If your child has been diagnosed with ADHD, you know well the frustration and exhaustion that comes with caring for her. Parenting a child with ADHD requires providing lots of additional energy and effort so the child can function successfully. We salute the moms of children with ADHD! May you be given an extra dose of patience, a never-ending supply of coffee, and all the love from those that support you so you can, in turn, give your child the attention and guidance she so desperately needs.
As a counselor that has worked extensively with ADHD kids and their families, I’d like to share with you some of my best tips for regulating inattention and hyperactivity.
1. Provide consistency, structure, and organization
Children with ADHD generally have deficits in executive functioning. This means they lack the natural ability to organize, plan ahead, and manage time. Set your child up for success by creating a responsibility chart, having a special place for belongings, and teaching organization. Allow your child to make choices about what clothing to wear and what breakfast to eat the night before school. Help your child pack her backpack and have it ready to go for the next day. Create routines for after school, bed time, and morning time and stick to them. When you build structure into your child’s day, you let them know what is expected and help them to feel safe and more in control. Post household rules in a place where they are visible and be consistent about rewards and consequences.
2. Give plenty of encouragement
Children with ADHD respond particularly well to positive reinforcement. Many are already aware of their forgetfulness and misbehavior. Since ADHD kids tend to be impulsive and have trouble listening, they are used to getting in trouble. They start to feel badly about themselves and get stuck in patterns of misbehavior. When they see, though, that an adult believes in them or notices particular strengths in them, they feel empowered to take control of their choices. Setting limits is important with these children, but too much discipline makes a child feel hopeless.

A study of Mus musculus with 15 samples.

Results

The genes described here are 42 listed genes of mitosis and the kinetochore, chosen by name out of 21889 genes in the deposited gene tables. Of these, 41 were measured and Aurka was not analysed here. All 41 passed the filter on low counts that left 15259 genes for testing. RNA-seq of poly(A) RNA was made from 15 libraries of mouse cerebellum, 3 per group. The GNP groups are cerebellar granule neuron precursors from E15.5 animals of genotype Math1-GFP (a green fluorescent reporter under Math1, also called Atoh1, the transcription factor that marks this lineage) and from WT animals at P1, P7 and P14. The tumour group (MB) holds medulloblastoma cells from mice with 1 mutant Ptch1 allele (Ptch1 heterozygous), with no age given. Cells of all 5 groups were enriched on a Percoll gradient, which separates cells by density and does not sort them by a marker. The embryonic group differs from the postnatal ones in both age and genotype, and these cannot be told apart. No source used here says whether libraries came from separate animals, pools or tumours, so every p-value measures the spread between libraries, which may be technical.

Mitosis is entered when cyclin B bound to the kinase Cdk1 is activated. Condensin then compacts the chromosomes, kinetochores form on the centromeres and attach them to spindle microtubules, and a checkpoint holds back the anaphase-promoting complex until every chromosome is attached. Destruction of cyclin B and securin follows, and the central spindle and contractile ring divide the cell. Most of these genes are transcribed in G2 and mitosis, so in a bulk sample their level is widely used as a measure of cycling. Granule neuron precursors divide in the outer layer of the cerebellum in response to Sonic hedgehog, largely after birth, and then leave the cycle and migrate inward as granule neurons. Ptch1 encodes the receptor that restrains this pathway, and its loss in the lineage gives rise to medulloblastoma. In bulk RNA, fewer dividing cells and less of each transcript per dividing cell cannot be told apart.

3. Create outlets for emotional expression
The brain of a child with ADHD is not wired to properly regulate emotion. The brain can be exercised and strengthened like a muscle though! Your child needs help with processing and dealing with emotions like anger, sadness, fear, and excitement. You are your child’s greatest teacher when it comes to this. You can model healthy ways to deal with emotion like communication, exercise, and prayer or meditation. Listen to your child: get on her level, make eye contact, and communicate understanding with non-judgment. Encourage your child to draw or write about how she feels. Play with your child. Children use play to process how they feel and learn about the world around them.
4. Plan time for both relaxation and stimulation
A balance of relaxation and stimulation is key to managing inattention and hyperactivity. Make sure your child gets plenty of time playing outside and exercising. Physical activity improves concentration, decreases anxiety (which is common in kids with ADHD), and promotes better sleep. Teach your child some practical ways to relax. Children with ADHD need help to know how to calm down and transition from activity to rest. To help your child calm her body, do deep breathing and stretching exercises before bed. Teach your child to imagine a peaceful scene like the beach, the forest, or a happy memory to calm her mind.
5. Teach social skills
Many children with ADHD struggle to know how to interact socially. Provide guidance for your child in this area by doing role plays at home. Practice introducing yourself, listening, and modeling appropriate body language. This can be done with smaller children using toys and creating scenarios during play. Praise your child when she is brave in social situations and when she responds to a friend with kindness and consideration.
6. Strengthen the bond you have
The most important thing you can give your child is you. An ADHD child’s symptoms become worse when they do not receive the love they need from a parent. Give bursts of attention throughout the day. Put down your phone and listen intently, give lots of hugs and kisses, and share encouragement. Take time out of your week to take your child on a date or spend some quality time together at home.
If you’re feeling overwhelmed by this list, that’s okay! This all sounds like a lot of work, but you’d be surprised how much of a difference it really does make! Start small with one of these tips and notice the positive changes you begin to see. Your child will feel better about herself and more confident in her ability to manage her symptoms. And you might just regain a little bit of your own sanity too!
For more information on how to help a child or family member with ADHD or another learning disorder, www.additudemag.com has some excellent resources!